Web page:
Persistent young offenders are continuing to be successfully fast-tracked through the criminal justice system as the government's pledge to halve the time from arrest to sentence for persistent young offenders was met for the ninth consecutive quarter today.

The average figure for July to September 2003 was 66 days, five days below the target figure of 71 days. Thirty three of the 42 criminal justice areas had an average arrest to sentence time of 71 days or less, whilst only two areas had an average of more than 80 days.

Home Office minister for youth justice, Paul Goggins, said: 'The hard work that the CJS agencies have put into meeting the youth justice pledge means that persistent young offenders are being dealt with more quickly with interventions to help reduce re-offending. Communities who for too long have had to put up with young offenders

repeatedly committing crime are now feeling the results of this.

'But we cannot be complacent, we must continue to deliver on this pledge to ensure that victims of crime have confidence in the criminal justice system.'

The pledge was announced in 1997 and scheduled to be delivered by May 2002. It was first achieved in August 2001. Since then, the pledge has been met for 24 out of 26 months. The latest monthly figure for September 2003 is 68 days.

Chris Leslie, courts minister at the Department for Constitutional Affairs, said: 'Bringing offenders to justice swiftly ensures a stronger message is sent. The courts continue to work hard to maintain the speed with which cases progress through the courts and I congratulate everyone involved in boosting confidence in the criminal justice system in this way.'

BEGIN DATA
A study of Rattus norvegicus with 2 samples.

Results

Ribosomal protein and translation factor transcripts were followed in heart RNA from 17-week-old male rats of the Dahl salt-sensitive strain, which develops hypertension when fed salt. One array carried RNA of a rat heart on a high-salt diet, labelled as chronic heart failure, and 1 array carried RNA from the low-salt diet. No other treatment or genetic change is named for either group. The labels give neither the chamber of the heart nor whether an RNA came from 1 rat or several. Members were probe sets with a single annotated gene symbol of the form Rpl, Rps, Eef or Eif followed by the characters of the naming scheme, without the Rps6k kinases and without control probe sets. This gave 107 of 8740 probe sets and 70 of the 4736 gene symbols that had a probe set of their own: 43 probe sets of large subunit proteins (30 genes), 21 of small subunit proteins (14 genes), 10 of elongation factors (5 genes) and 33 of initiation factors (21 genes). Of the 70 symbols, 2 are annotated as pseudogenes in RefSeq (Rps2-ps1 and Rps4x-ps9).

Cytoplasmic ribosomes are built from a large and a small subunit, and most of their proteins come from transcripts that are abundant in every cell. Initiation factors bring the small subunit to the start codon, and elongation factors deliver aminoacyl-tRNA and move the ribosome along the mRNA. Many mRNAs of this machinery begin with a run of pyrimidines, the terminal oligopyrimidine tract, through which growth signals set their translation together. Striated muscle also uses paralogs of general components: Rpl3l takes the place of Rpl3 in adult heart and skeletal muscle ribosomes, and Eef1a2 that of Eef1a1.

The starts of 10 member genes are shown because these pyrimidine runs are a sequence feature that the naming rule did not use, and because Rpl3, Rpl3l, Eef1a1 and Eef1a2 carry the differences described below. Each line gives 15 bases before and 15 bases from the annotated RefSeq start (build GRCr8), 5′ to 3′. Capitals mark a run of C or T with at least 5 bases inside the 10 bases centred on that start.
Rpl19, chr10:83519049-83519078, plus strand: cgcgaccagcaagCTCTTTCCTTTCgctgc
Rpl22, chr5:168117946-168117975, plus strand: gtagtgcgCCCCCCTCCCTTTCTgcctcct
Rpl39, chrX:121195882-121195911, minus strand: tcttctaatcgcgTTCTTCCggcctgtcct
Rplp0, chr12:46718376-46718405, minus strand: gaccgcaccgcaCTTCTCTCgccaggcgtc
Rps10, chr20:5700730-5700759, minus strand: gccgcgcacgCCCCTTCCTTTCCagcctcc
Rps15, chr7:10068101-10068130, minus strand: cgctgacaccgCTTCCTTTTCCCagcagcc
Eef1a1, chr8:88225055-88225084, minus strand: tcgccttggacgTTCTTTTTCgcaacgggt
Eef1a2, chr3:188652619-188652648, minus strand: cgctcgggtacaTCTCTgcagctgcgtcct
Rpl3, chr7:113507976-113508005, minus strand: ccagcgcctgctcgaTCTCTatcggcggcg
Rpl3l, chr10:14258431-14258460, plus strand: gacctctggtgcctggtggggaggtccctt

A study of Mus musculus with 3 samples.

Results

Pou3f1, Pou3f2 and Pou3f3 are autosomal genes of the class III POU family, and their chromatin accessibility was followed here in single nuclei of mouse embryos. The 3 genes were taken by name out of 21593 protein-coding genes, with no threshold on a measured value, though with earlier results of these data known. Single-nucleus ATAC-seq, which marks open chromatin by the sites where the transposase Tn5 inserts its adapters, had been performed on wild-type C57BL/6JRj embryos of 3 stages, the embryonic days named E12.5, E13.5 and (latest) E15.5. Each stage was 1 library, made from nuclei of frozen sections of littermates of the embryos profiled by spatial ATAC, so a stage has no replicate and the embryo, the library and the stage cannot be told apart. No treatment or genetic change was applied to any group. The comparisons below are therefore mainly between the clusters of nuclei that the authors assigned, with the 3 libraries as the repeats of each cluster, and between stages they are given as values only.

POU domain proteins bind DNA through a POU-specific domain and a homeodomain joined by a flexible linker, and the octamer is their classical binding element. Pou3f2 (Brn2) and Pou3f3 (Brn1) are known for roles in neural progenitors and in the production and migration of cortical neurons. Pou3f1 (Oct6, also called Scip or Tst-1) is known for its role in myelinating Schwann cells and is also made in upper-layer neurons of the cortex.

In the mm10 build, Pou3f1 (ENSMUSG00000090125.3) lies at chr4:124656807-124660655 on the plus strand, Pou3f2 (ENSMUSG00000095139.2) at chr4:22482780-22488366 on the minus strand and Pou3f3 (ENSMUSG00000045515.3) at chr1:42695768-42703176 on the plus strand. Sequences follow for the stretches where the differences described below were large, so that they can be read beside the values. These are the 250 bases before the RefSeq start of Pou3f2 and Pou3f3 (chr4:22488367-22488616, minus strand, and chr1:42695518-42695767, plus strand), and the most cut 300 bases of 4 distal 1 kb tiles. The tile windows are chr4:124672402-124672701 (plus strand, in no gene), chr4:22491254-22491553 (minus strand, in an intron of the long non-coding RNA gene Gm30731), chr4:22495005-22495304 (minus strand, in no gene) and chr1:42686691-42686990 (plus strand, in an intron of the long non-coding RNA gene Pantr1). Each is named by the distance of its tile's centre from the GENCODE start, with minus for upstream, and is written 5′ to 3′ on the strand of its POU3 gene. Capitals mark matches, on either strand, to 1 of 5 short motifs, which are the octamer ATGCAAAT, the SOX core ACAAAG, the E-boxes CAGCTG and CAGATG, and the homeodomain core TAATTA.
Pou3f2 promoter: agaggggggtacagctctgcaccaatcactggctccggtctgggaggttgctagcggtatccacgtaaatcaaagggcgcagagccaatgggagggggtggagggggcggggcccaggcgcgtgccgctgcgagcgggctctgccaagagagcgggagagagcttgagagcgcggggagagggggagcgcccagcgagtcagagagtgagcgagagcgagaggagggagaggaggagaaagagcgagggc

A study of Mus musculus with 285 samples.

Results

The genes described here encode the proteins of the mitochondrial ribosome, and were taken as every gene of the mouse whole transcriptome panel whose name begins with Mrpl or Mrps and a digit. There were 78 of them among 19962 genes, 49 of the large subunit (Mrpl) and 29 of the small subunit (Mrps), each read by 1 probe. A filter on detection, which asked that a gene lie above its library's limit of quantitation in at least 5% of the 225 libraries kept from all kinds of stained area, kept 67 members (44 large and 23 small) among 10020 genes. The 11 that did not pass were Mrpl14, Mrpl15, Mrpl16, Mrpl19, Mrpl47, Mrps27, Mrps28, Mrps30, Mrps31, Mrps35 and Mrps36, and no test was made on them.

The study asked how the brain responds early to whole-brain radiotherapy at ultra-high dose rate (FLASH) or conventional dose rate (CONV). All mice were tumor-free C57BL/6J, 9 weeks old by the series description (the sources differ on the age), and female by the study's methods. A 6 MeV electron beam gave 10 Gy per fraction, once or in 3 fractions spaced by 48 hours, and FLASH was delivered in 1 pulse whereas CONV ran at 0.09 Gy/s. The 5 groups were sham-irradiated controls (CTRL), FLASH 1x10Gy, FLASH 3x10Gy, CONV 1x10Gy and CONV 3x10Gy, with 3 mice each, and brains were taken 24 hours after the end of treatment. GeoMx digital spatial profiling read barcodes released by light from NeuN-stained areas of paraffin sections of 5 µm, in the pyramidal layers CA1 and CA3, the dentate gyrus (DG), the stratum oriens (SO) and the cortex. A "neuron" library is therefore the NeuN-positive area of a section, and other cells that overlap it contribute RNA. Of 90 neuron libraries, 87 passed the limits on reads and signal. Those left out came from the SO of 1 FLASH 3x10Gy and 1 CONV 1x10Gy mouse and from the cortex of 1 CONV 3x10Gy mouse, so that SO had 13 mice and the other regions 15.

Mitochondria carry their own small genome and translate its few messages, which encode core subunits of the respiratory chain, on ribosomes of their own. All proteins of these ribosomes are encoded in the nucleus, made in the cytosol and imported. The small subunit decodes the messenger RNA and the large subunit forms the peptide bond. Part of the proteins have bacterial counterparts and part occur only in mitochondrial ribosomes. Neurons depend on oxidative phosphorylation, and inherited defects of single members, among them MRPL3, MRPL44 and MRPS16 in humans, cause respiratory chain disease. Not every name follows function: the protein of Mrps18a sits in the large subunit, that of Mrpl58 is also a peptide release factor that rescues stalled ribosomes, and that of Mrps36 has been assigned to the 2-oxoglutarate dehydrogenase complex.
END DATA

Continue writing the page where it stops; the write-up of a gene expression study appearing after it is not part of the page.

The Attorney General Lord Goldsmith QC said: 'The pledge has now been met for nine consecutive quarters. Halving the time from arrest to sentence for persistent young offenders makes a major contribution to the government's work to tackle youth offending. Because it has become standard performance, we should not

ov erlook the achievement of all those involved.

'The approach the Crown Prosecution Service has taken to meeting this pledge - better case preparation and presentation, getting the case right from the start, giving police early legal advice, and helping the courts with sentencing - has now been extended to benefit cases across the board.'

Sir Charles Pollard, acting chairman of the Youth Justice Board, said: 'The fact that we have met this pledge for the ninth consecutive quarter is testament to the sheer hard work of practitioners across the criminal justice system. But this dedication needs to be maintained if we are to continue to meet this target and rise to the new challenges we are presented with.

'Young offenders must be made to realise the consequences of their actions. Reducing the time taken from arrest to sentence is a fundamental part of this, however it is essential that this is combined with effective post-court interventions that tackle the causes of offending and encourage reparation to the community.'

NOTES

1. In 1996, dealing with a persistent young offender (from arrest to sentence) took an average of 142 days.

2. A persistent young offender is a person aged 10-17 who has been convicted of a recordable offence on three or more occasions and commits another offence within three years.

3. The Youth Justice Board(YJB) was established under the Crime & Disorder Act 1998 to lead the reforms to the youth justice system. One of the board's main responsibilities is to co-ordinate all the work on delivering the government's pledge to speed up youth justice.